By Sheena Barnett
OKOLONA – Archery, canoeing, horseback riding and zip-lining are creating smiles for kids of all ages and abilities this week.
Elizabeth Gwin Session for Special Children at Camp Tik-A-Witha has offered new experiences and accomplishments for 45 children. Girl Scouts of the Heart of the South Council spent June at the camp, but this week most of the children have developmental disabilities. Some non-disabled children also joined the camp as Let’s All Play campers.
This week they’ve all camped together, learning how to shoot a bow and arrow, swimming, cooking out and watching movies, among many other activities.
“It’s all about the smiles on their faces when they accomplish something they’ve never done before, and something they’ve never had the opportunity to do before,” said the camp’s director, Beth Moody.
The campers come from across the Heart of the South’s coverage area, which stretches across Northeast Mississippi, the Memphis area and into Arkansas.
Camper Austin Brown, 12, of Memphis, spent Wednesday afternoon in the pool.
“I love swimming; it’s my favorite sport,” said Brown, who is on the autism spectrum. “I bob in and out of the water and squirt water at people. I love doing that.”
Jeb Polatty, 8, from Memphis, was swimming with Anthony Morrison, a volunteer who’s been coming to the camp since he was 15. Now 44, both of his daughters attend camp during the Elizabeth Gwin Session as Let’s All Play campers.
Jeb, who has Down syndrome, thanked Morrison for diving after his goggles and jumped in and out of the water.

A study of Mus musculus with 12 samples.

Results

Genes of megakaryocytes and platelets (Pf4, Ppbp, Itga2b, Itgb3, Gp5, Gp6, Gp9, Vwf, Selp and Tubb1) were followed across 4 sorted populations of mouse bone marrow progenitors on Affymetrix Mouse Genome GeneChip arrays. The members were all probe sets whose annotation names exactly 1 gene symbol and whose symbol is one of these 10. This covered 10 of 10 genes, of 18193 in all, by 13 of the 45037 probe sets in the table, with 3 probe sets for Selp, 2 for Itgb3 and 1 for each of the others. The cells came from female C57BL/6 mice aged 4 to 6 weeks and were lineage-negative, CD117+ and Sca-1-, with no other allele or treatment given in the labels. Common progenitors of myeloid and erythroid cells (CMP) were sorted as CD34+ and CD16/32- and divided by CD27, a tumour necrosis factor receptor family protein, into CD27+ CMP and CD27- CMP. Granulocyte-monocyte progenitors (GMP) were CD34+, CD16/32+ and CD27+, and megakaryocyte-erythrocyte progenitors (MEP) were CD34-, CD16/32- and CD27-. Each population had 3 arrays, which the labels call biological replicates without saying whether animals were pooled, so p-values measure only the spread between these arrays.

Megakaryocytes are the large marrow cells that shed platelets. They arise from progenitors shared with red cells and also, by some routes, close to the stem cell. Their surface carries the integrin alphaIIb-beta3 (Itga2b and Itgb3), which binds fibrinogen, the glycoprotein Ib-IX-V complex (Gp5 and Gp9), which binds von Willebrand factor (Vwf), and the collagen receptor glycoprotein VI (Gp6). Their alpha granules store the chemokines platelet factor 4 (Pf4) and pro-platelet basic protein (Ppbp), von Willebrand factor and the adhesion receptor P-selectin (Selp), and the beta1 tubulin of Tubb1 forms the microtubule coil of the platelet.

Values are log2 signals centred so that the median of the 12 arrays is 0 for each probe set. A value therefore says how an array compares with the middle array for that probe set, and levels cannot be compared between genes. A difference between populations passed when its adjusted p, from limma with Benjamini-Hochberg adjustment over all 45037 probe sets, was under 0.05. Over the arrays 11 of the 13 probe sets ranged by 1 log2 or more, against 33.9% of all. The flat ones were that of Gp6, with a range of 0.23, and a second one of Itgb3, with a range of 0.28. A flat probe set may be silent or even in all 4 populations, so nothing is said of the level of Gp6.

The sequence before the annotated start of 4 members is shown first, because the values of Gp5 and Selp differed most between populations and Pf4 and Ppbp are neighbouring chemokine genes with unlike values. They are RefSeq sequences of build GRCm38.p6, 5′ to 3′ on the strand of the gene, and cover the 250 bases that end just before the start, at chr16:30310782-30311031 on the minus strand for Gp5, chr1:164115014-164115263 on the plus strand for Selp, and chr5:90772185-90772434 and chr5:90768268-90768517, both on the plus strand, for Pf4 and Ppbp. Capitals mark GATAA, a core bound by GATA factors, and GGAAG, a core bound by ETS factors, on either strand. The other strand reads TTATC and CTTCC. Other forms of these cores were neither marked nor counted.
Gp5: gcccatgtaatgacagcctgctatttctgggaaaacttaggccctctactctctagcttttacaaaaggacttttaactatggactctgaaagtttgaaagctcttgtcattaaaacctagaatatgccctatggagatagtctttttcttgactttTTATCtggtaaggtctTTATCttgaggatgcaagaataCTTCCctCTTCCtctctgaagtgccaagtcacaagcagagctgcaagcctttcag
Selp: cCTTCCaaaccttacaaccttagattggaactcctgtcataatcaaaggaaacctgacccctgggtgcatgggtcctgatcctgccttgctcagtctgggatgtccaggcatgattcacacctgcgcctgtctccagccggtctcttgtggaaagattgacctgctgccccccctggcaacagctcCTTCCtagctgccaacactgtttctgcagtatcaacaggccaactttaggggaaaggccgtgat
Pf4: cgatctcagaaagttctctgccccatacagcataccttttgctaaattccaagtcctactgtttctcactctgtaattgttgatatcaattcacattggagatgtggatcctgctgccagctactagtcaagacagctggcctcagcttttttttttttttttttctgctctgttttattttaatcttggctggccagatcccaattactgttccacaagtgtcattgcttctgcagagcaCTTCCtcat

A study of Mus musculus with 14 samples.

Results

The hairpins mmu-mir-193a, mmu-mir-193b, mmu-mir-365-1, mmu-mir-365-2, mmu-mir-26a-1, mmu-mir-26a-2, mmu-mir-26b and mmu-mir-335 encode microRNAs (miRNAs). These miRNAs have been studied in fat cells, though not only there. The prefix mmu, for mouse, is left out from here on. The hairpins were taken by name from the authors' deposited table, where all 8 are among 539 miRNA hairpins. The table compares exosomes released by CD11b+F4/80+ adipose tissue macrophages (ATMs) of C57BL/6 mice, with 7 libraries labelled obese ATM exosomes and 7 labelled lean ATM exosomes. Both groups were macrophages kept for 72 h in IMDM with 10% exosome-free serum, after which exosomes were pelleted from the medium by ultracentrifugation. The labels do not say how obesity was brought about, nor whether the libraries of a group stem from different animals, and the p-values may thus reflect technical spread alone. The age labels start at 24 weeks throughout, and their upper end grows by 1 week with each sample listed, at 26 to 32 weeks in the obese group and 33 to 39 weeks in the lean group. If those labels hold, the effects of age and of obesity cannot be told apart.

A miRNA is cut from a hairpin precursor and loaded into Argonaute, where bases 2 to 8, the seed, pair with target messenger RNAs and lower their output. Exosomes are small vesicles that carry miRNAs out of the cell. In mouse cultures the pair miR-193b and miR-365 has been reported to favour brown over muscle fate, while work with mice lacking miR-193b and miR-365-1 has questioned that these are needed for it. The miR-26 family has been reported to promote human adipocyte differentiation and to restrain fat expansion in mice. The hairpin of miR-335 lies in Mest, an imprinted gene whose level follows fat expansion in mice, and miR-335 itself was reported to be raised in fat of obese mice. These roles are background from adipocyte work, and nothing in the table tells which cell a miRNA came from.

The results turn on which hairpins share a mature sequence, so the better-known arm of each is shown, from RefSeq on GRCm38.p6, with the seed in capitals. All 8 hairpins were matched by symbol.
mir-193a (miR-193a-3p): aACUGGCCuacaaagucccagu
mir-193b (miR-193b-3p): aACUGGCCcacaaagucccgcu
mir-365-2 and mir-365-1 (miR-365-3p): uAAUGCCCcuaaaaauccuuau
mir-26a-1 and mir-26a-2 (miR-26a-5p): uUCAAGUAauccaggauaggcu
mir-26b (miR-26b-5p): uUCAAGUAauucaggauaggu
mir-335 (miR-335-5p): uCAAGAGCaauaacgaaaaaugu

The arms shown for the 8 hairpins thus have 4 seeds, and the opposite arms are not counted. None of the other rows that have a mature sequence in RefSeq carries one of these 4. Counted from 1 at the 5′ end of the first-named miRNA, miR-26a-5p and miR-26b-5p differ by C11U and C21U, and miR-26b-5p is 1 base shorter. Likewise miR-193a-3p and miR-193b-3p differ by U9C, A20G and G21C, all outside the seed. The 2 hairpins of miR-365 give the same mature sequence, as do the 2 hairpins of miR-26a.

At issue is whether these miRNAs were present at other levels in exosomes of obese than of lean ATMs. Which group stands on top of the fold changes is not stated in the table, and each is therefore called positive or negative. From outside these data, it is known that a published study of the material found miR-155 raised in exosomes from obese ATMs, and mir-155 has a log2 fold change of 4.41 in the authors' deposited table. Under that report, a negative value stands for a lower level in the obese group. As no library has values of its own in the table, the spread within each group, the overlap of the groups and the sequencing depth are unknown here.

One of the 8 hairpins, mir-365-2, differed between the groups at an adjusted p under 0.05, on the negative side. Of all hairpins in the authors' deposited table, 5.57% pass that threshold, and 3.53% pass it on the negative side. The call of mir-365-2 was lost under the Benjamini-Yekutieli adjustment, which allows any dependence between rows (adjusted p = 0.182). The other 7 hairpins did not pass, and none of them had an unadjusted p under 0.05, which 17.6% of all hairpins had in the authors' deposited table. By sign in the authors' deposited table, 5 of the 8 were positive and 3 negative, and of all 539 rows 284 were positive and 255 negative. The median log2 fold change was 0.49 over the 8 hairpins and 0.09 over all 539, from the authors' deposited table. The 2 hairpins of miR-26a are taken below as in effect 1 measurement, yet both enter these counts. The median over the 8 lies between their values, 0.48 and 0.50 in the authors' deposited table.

“Swimming is fun,” he said. “I rode horses.”
His older sister, Emlyn, who turns 11 on Friday, said Jeb has attended the camp for three years, but she’s there as a first-year Let’s All Play camper. She got to go zip-lining for the first time, which she said was “awesome.”
“I’ve learned about the other kids and how they like to do things,” she said. “Jeb loves camp. I’ll definitely be back next year.”
Abby Arnold, 15 and a junior camp counselor, is there with her grandmother and other family members for the week.
She’s had such a good time interacting with the other kids that she’s considered a career path that will allow her to work with people of all abilities.
“I walk with (the special campers), and we talk almost anything,” she said. “We give them choices instead of just telling them ‘No.’ I’ll read books to them so they’ll go to sleep at night. They have the best time here, and it’s fun to have fun with them.”
Girl Scouts Heart of the South Council’s board president, Kathy Webb, is volunteering at the camp this week with two service dogs, Daffney and Sadie.
“This is the most amazing experience I’ve ever been a part of,” she said. “It’s amazing to see a child who’s never ridden a horse, and they put on a helmet and ride. The dogs bring them out of their shell. This is the highlight of the summer.”